Blackburn was dismissed in February after the BBC sided with Dame Janet Smith over inconsistencies he was said to have given in evidence to historic sexual abuse enquiry.
Veteran disc jockey Tony Blackburn is set to return to BBC Radio 2 in January next year, nearly 12 months after he was sacked from the BBC earlier in 2016.
Blackburn, 73 years old, was taken off the air and dismissed from the corporation back in February after director general Tony Hall said that he had failed to co-operate fully with the Jimmy Savile abuse enquiry.
“I do not seek to criticise the BBC for decisions it has made in the past,” Blackburn said in a statement on Wednesday (October 19th). “I have had a difficult year personally, but I'm pleased to be returning to the BBC and can't wait to get behind the mic again.”
Tony Blackburn is returning to BBC Radio 2, nearly a year after he was dismissed
Blackburn was the first-ever DJ to broadcast on the brand new Radio 1 back in September 1967, and spent 17 years with the station, also presenting ‘Top of the Pops’ on the BBC, before becoming one of the launch presenters on Capital Gold. In his career spanning six decades, he has been one of the most famous radio personalities at the BBC.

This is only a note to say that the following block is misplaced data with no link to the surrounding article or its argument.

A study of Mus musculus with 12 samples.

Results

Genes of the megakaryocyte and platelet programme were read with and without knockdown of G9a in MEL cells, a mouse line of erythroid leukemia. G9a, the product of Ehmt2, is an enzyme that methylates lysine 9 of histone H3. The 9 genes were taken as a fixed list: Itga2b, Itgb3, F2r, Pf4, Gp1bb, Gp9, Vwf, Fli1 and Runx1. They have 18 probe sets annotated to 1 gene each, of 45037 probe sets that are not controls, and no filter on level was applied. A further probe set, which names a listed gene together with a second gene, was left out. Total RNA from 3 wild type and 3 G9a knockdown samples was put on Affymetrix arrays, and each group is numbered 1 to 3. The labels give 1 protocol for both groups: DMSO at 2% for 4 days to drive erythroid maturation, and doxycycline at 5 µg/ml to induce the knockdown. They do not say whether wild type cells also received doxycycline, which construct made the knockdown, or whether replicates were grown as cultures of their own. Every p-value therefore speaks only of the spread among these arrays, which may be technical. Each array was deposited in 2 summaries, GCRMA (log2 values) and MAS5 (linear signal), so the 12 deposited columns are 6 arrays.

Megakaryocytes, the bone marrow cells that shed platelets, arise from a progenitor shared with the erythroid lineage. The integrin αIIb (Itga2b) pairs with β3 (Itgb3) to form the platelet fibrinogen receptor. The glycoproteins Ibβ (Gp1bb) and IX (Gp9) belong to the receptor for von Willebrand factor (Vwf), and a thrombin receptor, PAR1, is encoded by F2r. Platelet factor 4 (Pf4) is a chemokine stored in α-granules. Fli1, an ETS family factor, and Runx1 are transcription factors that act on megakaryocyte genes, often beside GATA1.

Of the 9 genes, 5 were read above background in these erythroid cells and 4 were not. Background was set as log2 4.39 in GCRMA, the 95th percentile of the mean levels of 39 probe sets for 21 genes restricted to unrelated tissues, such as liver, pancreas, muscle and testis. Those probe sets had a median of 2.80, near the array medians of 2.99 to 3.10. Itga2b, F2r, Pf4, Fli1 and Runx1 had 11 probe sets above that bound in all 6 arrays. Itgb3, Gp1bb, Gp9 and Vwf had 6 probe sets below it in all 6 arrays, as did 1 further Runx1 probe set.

In February, he was sacked because of inconsistencies in statements he had made regarding claims he had been part of a group of celebrities who had seduced a 15 year old girl in 1971.
He will now return to Radio 2 in January, presenting an hour-long evening show on Friday nights. He thanked his fans for their “lovely messages” in a tweet following the announcement of his return this week.
However, the corporation also re-iterated that it stood by its original decision to dismiss Blackburn this year. “The BBC stands by the findings of Dame Janet Smith and the decision it made to take Tony Blackburn off air at the start of this year based on Dame Janet's preference for the documentary evidence relating to meetings that took place over Tony Blackburn's statements.”
When he was fired, Blackburn had angrily accused the corporation of making him a “scapegoat” for its own “cover up” of abuse.